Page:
Although it's the Science Museum I suppose it's really more a partial Museum of the history of science, having said that it has a lot of interest to the enquiring and curious mind.
The Apollo 10 module is not as I expected it to be, now more than 40 years since it returned to earth is looks more Jules Verne than a technological artefact, closer to the James Watt era than the Apple iPod.
At the Natural History Museum I had seen a sample of moon-dust and to see a space capsule nearby was a further reminder of the exciting space voyages made in the 60's
It is difficult to over emphasise the effect the industrialisation of Britain has had on us and the modern world and James Watt was a major figure inventing and developing steam engines.
The Turing story is one that also evokes a bygone age (just over 100 years since his birth) now he's credited with having paid a pivotal role in the allies victory over the Nazis in the second World War. Turing was during his short life prosecuted (and persecuted) for his homosexuality and is thought to have taken his own life in 1954.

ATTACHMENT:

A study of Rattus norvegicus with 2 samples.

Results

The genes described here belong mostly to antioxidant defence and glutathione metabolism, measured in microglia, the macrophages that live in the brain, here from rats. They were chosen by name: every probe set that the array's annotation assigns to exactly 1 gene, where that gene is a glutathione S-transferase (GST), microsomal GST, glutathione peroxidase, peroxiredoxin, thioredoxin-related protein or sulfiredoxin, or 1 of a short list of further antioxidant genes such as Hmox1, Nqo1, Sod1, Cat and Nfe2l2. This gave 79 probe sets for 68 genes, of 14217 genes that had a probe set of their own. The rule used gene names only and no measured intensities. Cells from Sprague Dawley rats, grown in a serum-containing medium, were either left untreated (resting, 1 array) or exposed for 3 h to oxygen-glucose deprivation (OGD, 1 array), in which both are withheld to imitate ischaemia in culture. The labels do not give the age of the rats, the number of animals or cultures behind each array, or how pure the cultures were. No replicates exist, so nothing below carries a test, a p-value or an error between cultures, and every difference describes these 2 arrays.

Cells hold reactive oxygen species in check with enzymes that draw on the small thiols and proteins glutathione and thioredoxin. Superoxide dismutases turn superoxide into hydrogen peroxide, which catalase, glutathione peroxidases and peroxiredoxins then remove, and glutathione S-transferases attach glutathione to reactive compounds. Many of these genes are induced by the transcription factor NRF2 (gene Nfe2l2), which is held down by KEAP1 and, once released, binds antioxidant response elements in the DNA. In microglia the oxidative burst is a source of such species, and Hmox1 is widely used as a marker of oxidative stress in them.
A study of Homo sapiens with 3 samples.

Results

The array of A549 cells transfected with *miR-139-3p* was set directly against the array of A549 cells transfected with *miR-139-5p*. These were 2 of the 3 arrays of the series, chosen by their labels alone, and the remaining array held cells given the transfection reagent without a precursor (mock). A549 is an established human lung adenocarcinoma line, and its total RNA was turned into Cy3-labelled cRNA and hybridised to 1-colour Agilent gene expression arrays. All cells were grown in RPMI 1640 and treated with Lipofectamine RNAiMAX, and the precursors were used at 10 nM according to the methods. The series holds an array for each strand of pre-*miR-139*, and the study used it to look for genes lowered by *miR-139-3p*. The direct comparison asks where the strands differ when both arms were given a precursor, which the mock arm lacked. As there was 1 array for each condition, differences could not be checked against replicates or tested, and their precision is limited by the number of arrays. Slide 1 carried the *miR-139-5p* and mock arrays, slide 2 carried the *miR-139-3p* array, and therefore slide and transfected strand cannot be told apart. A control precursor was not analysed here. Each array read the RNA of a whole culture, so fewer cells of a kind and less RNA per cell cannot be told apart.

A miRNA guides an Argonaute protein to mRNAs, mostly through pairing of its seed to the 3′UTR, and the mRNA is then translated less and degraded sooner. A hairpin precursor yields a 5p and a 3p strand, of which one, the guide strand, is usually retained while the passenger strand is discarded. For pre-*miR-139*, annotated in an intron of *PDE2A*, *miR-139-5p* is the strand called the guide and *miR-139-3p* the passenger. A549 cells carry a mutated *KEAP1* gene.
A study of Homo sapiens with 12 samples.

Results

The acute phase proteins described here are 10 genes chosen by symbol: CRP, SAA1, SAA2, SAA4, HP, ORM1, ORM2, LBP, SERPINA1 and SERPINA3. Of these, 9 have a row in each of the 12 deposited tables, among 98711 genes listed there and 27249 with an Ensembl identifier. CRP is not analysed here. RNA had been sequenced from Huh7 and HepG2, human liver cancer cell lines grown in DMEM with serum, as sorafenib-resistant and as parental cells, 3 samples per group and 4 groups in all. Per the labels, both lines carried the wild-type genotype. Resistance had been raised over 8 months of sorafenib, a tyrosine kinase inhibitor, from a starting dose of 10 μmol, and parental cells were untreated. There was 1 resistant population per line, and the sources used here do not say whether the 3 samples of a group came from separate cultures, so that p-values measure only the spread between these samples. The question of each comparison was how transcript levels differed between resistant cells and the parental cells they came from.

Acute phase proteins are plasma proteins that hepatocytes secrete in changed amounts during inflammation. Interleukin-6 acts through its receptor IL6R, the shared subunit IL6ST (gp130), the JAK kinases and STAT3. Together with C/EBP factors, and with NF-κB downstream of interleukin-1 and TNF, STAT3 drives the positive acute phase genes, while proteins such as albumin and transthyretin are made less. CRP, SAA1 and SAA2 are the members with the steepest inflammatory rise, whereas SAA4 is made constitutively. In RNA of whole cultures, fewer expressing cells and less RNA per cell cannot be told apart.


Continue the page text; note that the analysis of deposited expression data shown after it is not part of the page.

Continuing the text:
Turing is viewed by many as the father of the modern computer as well as a leading code breaker working out of Bletchley.
Big Idea number 45 is Language and ThoughtQuestion do we need language to be able to think?
If I want to think about a mathematical equation (fairly unlikely I'll admit) then I will need the necessary language to allow me to do this as if I'm thinking about music I will need some reference to allow me to do this - but are infants able to think yes they can but perhaps at a limited level.
There's a hypothesis that covers some of this stuff called the Sapir-Whorf hypothesis. Also a rather timely radio programme Technicolour (today) considers the effect of language on the perception of colour.